Good morning to all 230 readers. We’re onto Week 3. If there’s a song you’ve been listening to that you’ve found comforting, hit reply and let me know what it is. I’ll put together a collaborative playlist and share it out in a future issue. —Jack
Today’s challenge: Write in a journal.
Your mind is an ocean. As you go about your day, thoughts big and small rise from the unconscious depths, break the surface, briefly, then re-submerge—like whales. Today, you do some whale-spotting.
To spot a whale, you don’t train binoculars on one small patch of deep blue. You scan the whole horizon, left and right, far and near. You soften your gaze, and look for tell-tale signs: fins, spouts, a fluking tail.
Journaling, the way Julia Cameron advocates with Morning Pages, is a kind of spotting:
Morning Pages are three pages of longhand, stream of consciousness writing, done first thing in the morning. There is no wrong way to do Morning Pages—they are not high art. They are not even “writing.” They are about anything and everything that crosses your mind—and they are for your eyes only. Morning Pages provoke, clarify, comfort, cajole, prioritize and synchronize the day at hand. Do not over-think Morning Pages: just put three pages of anything on the page ... and then do three more pages tomorrow.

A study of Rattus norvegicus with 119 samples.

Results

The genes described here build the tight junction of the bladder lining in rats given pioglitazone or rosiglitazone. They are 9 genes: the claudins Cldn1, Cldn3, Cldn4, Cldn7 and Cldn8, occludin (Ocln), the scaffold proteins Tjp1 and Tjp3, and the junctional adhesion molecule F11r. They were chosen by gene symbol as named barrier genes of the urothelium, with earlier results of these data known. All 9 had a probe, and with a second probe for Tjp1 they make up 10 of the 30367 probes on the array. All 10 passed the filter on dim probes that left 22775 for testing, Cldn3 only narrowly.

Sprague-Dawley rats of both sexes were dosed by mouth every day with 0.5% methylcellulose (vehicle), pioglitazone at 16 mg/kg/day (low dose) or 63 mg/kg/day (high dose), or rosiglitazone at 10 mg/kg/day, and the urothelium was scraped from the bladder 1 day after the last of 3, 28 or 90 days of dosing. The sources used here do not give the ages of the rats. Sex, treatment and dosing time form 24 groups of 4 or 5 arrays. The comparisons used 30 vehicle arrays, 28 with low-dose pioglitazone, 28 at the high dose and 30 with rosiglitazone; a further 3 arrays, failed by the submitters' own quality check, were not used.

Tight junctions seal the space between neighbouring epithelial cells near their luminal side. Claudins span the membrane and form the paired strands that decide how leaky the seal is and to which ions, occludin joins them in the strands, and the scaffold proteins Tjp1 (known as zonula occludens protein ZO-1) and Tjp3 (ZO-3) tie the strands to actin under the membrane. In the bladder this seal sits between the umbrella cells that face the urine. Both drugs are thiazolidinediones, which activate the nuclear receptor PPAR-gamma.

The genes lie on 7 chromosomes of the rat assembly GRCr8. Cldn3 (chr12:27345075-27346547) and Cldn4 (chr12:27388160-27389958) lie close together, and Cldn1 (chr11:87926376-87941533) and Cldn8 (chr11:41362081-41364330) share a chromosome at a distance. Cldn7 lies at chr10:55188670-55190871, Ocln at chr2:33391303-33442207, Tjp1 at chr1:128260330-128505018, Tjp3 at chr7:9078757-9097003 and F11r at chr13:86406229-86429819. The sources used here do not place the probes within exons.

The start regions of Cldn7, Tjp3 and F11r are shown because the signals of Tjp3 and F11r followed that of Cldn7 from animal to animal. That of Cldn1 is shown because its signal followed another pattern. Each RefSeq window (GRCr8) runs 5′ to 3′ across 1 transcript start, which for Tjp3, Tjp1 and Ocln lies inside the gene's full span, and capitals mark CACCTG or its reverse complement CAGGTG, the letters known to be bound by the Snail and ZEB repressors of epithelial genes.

Journaling is another valve, another way of releasing the pressure. The “morning” part of Morning Pages is important, not just for Cameron's reasons. New habits stick more easily when they’re practiced consistently—at the same time and context every day. You write in the morning because it can be harder to write late at night, when you’re tired, when the day has already gotten away from you.
If you can’t make mornings work, that’s okay. Just try to fill the pages. If you need extra motivation, and find it difficult to write longhand, 750 Words is a good way to start.
Remember: Spotting isn’t capturing, or changing. It’s simply noticing, and acknowledging—ah, there you are. Hello, whale.